In the United Kingdom the number of reports of the verbal and physical abuse of teachers is growing at a sad and steady rate. In the United States as well, a number of fine teachers say that they are leaving the profession primarily because of the out-of-control attitudes and behavior of poorly-raised children who will not take any responsibility for their own education and don’t seem to mind if they ruin the educational chances of their peers.
David McCullough tells us that when Harry Truman took over the artillery outfit, Battery ‘D’, “the new captain said nothing for what seemed the longest time. He just stood looking everybody over, up and down the line slowly, several times. Because of their previous (mis) conduct, the men were expecting a tongue lashing. Captain Truman only studied them…At last he called ‘Dismissed!’ As he turned and walked away, the men gave him a Bronx cheer….In the morning Captain Truman posted the names of the noncommissioned officers who were ‘busted’ in rank…the First Sergeant was at the head of the list…Harry called in the other noncommissioned officers and told them it was up to them to straighten things out. ‘I didn’t come here to get along with you,’ he said. ‘You’ve got to get along with me. And if there are any of you who can’t, speak up right now, and I’ll bust you back right now.”
Now, I do realize the classroom is not a military unit, and that students cannot be busted back to a previous grade, however their behavior suggests that they don’t belong in a higher grade. But Truman realized poor discipline would endanger the lives of the men in his unit, and teachers, however much they yearn to be liked, relevant, and even loved, need to realize and accept that poor discipline in their classes will destroy some of the educational opportunities of their students. As it turned out, his unit respected and loved Truman in time, and lined Pennsylvania avenue for his inauguration parade.
For years, the Old Battleaxe was offered as a stereotype of the stern, demanding teacher who represented the expectations of the wider community in the classroom and required students to meet her standards.
In The Lowering of Higher Education, Jackson Toby quotes the experience of one man with an Old Battleaxe:
“Professor Emeritus of Religion at Hamline University in St. Paul, Minnesota, Walter Benjamin, wrote about a demanding freshman English teacher, Dr. Doris Garey, whose course he had taken in 1946, in an article entitled ‘When an ‘A’ Meant Something.’ Professor Benjamin praised the memory of Dr. Garey and expressed gratitude for what her demanding standards had taught him.
‘Even though she had a bachelor’s degree from Mount Holyoke and a doctorate from Wisconsin, Miss Garey was the low person in the department pecking order. And physically she was a lightweight–she could not have stood more than 4-foot-10 or weighed more than 100 pounds. But she had the pedagogical mass of a Sumo wrestler. Her literary expectations were stratospheric; she was the academic equivalent of my [Marine] boot camp drill instructor…The showboats (other instructors) had long since faded, along with their banter, jokes and easy grades. It was the no-nonsense Miss Garey whose memory endured.'”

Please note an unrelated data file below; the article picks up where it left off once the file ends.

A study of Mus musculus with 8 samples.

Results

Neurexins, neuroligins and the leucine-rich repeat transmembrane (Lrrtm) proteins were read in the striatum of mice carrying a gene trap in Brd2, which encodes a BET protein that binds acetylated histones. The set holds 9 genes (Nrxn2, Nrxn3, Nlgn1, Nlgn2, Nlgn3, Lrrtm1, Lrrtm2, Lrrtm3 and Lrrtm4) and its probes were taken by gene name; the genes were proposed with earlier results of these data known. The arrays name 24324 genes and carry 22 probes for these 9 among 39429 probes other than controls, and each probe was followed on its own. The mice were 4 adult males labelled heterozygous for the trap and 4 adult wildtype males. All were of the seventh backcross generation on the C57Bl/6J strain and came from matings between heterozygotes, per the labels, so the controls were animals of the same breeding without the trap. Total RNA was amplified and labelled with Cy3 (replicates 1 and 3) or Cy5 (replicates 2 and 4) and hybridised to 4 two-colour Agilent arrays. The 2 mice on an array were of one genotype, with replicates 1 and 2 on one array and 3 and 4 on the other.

In my view, too many of our teachers have been seduced by the ideas that they should be making sure their students have fun, and that their teaching should include “relevant” material from the evanescent present of her students, their egregiously temporary pop culture, and from current events of passing interest.
Once discipline and student responsibility for their own learning is established and understood, there can be a lot of interesting and even entertaining times in the classroom. Without them, classes are in a world of trouble. Samuel Gompers used to read aloud for their enjoyment to a room full of employees making cigars, but they continued to make the cigars while he did it.
In education reform discussions in general, in my view practically all the attention is on what the adults are and/or should be doing, and almost no attention is given to what students are and should be doing. Leaving them out of the equation quite naturally contributes to poor discipline and reduced learning.
A suburban high school English teacher in Pennsylvania wrote that: “My students are out of control,” Munroe, who has taught 10th, 11th and 12th grades, wrote in one post. “They are rude, disengaged, lazy whiners. They curse, discuss drugs, talk back, argue for grades, complain about everything, fancy themselves entitled to whatever they desire, and are just generally annoying.” And one of her students commented: “As far as motivated high school students, she’s completely correct. High school kids don’t want to do anything…It’s a teacher’s job, however, to give students the motivation to learn.”
As long as too many of us think education is the teacher’s responsibility alone, we will have failed to understand what the job of learning requires of students, and we will be unable to make sense of the outcomes of our huge investments in education.